Feb 27, 2023, 05:55AM

Can Sports Be Saved?

Reflections on a dumb question posed during baseball’s “steroid era.” 


Within the discipline of history, there's an irresolvable debate about whether historians should emphasize change or continuity when discussing the past. Unlike the question of whether the US History survey taught to college freshmen should be split at 1900 CE instead of 1860 or 1865, this is a conversation worth having. If one chooses to emphasize change, he or she risks exaggerating the "pastness of the past." In other words, the gunslingers of Deadwood and the immigrant workers who participated in Pittsburgh's "Hunky Strike" become the occupants of an alien land, their weltanschauungen inaccessible even through careful analysis and sympathetic readings of whatever primary sources they've left behind. Taken to its illogical extreme, the writing of history itself is made impossible—how could anyone truly tell the "story" of such an incommensurable past?

We recognize that this is unsatisfactory; the past, as Walter Benjamin observed, continuously piles up behind us as we are blown forward into an eternal present. It stands to reason that certain continuities warrant our attention: hasn't humankind always loved, laughed, hated, warred, ached, wake-and-baked, etc. in much the same way? Doesn’t Fernand Braudel’s longue durée deserve more of our time than breathless recapitulations of a handful of well-known but ultimately insignificant historical events? This approach has its flaws, given that our mentalities are altered over time as new concepts emerge to reshape our discourse. That isn't to say that a figure from the past, magically brought forward into the future by the machinations of some Doc Brown-style mad scientist, couldn't eventually translate his thoughts into our language, but situating this out-of-time individual within a new paradigm would take some doing.

At the risk of wandering too far afield, let me conclude this aside by stating that, while I find the debate fascinating, I have no horse in the race. However, I’ve devoted a lot of attention to popular culture generally and sports specifically because I believe that these subjects can serve as a lens through which we might better perceive what people in the past were thinking about. Consider how much time you spend talking with your friends about sports, television, fashion or some other silliness. If you add it up, it probably amounts to a significant portion of your waking life. If one of my successors seeks to give their audience a window into your thoughts, they’d ignore the likes of Paige VanZant, Antonio “AB” Brown, and John Cena at their peril. Sports aren’t intrinsically important, but derive their considerable importance from the fact that so many people in a given society pay attention to them.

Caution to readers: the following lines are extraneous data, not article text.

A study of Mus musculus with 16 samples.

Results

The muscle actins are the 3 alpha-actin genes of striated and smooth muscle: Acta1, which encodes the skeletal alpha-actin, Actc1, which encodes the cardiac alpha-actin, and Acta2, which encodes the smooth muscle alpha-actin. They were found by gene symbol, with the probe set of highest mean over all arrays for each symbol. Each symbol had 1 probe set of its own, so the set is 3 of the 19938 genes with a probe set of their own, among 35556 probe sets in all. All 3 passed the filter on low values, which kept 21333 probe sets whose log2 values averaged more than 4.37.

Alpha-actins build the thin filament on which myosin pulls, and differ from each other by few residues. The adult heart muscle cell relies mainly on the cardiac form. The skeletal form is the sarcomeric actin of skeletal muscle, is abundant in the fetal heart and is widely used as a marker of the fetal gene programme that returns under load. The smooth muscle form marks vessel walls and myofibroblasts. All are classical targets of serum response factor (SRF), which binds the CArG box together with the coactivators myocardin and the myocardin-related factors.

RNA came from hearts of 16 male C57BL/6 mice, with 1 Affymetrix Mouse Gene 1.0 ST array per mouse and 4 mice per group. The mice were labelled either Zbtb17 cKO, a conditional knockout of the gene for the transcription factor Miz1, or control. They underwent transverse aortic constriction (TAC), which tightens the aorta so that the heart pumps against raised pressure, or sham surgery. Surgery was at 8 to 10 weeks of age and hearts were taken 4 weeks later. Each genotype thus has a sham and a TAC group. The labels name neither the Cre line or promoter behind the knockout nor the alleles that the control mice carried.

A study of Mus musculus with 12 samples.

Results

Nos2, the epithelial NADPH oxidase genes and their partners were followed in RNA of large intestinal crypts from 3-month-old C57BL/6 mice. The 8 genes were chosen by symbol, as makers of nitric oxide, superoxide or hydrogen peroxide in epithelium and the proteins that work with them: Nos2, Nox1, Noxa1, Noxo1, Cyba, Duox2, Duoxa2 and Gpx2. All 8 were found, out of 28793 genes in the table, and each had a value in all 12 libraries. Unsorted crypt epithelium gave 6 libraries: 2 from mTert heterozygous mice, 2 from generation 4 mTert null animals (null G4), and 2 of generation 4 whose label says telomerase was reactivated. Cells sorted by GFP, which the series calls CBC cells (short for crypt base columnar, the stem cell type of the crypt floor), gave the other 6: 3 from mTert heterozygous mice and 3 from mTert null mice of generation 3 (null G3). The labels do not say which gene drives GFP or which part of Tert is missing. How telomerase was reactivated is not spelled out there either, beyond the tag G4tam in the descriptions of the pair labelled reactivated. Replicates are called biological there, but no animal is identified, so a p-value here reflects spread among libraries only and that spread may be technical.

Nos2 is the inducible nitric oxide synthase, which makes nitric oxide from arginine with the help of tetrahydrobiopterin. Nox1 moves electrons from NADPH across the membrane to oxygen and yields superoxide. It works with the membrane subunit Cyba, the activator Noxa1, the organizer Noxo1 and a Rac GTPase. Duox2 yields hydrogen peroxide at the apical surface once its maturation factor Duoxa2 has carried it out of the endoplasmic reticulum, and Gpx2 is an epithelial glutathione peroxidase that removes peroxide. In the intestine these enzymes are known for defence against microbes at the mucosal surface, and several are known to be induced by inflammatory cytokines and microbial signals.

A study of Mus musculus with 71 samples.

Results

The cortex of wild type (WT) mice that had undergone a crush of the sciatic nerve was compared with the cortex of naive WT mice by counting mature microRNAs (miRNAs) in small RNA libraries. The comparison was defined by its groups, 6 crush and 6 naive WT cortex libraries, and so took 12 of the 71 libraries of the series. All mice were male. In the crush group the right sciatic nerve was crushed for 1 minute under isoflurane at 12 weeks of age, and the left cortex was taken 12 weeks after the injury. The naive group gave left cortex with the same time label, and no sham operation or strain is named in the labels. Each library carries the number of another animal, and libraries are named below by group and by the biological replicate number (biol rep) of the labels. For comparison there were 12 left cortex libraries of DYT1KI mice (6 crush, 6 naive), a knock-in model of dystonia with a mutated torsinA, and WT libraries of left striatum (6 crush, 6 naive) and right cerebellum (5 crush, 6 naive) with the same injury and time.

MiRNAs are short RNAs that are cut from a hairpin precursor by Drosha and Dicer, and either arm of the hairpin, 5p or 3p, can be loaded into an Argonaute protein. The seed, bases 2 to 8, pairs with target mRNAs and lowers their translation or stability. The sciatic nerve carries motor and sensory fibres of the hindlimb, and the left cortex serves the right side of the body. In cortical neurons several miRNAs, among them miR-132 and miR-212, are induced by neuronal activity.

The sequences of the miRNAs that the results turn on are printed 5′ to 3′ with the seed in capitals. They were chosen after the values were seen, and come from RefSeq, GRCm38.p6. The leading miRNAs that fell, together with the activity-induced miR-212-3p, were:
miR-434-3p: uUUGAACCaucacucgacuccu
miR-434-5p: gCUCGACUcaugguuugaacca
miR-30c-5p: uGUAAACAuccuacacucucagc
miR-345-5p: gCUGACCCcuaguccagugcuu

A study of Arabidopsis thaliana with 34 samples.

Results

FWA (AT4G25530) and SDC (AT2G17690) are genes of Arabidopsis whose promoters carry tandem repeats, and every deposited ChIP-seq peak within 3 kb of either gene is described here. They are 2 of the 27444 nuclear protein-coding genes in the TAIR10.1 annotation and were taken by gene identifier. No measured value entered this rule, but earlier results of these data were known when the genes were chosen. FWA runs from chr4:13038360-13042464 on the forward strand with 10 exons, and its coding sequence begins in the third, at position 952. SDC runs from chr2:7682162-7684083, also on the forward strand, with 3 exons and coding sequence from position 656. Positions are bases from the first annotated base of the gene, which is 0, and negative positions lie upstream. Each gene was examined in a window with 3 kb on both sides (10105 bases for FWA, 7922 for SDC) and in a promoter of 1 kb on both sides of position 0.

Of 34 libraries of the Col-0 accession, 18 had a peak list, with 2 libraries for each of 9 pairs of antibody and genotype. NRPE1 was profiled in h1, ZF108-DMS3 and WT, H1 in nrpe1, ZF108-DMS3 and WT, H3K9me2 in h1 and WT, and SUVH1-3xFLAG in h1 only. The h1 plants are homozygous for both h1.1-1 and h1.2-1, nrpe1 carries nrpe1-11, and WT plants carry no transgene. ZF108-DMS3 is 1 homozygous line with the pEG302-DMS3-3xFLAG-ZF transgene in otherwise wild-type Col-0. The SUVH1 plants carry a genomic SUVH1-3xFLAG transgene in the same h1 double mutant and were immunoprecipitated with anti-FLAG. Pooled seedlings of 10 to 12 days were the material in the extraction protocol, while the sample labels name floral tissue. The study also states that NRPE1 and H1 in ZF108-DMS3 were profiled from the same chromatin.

The 1998 Major League Baseball season was one such moment when national attention fixated on professional athletics. Enamored of the back-and-forth home run derby between Mark McGwire and Sammy Sosa, fanboy sportswriters of the “kept a Mickey Mantle baseball card fasted to my bicycle wheel” variety waxed poetic about how these twin demigods had redeemed a game still recovering from the devastation wrought by the cancellation of the 1994 World Series.

When these two unfortunates were exposed, along with countless others, as PED users, the reprisals were swift and brutal. Now we got the other story that sportswriters will never tire of writing: Can sports be saved? The public continued to watch professional baseball—the sport is now more profitable than ever, on account of the bizarro-world economics of streaming television—albeit with a sort of weary-yet-aggrieved belief that the men they watched were all dirty rotten cheaters.

In this case, we have a clear example of how a sportswriter-imposed and fantastical narrative can obscure the actual historical value of sports. The trees in our example consist of all this nonsense about who was "cheating" and who wasn't; the forest is the much larger issue of how highly skilled laborers in an extremely specialized industry were modifying their bodies in order to extend their working lives. This is, I believe, one of the signal questions of our current century: what counts, in baseball or in any other endeavor, as performance-enhancing? Even in 2023, we don’t possess a sophisticated enough vocabulary to discuss certain large-scale changes to what constitutes natural human performance—and that realization, even absent any concrete answer to the aforementioned question, is one of enormous significance.

There was nothing special about McGwire's 70 home runs or Sosa's 66 beyond the fact that these were high single-season totals. Neither man was a hero; neither, upon being outed as a steroid creation, became a villain. They were, however, two men among thousands who responded to a host of incentives—some economic, some narcissistic—by electing to take drugs to enhance their play and physiques. With millions of Americans enhancing their own performances using substances ranging from Adderall to Zoloft, McGwire and Sosa are likely worth remembering primarily for how they foreshadowed a major societal shift; in this case, a shift toward better living through chemistry.


Here, then, is my own contribution to the "can sports save us?"/”can sports be saved?” genre. The answer is a resounding no, because both questions are flawed. Whether we are participating or watching, sports can’t save us from a gosh-darned thing, nor can we save glorified children’s games that aren’t imperiled. However, if we reflect carefully on what we’d otherwise perform or consume in a mindless and haphazard manner, we may learn something about who we were and who we are in the process of becoming.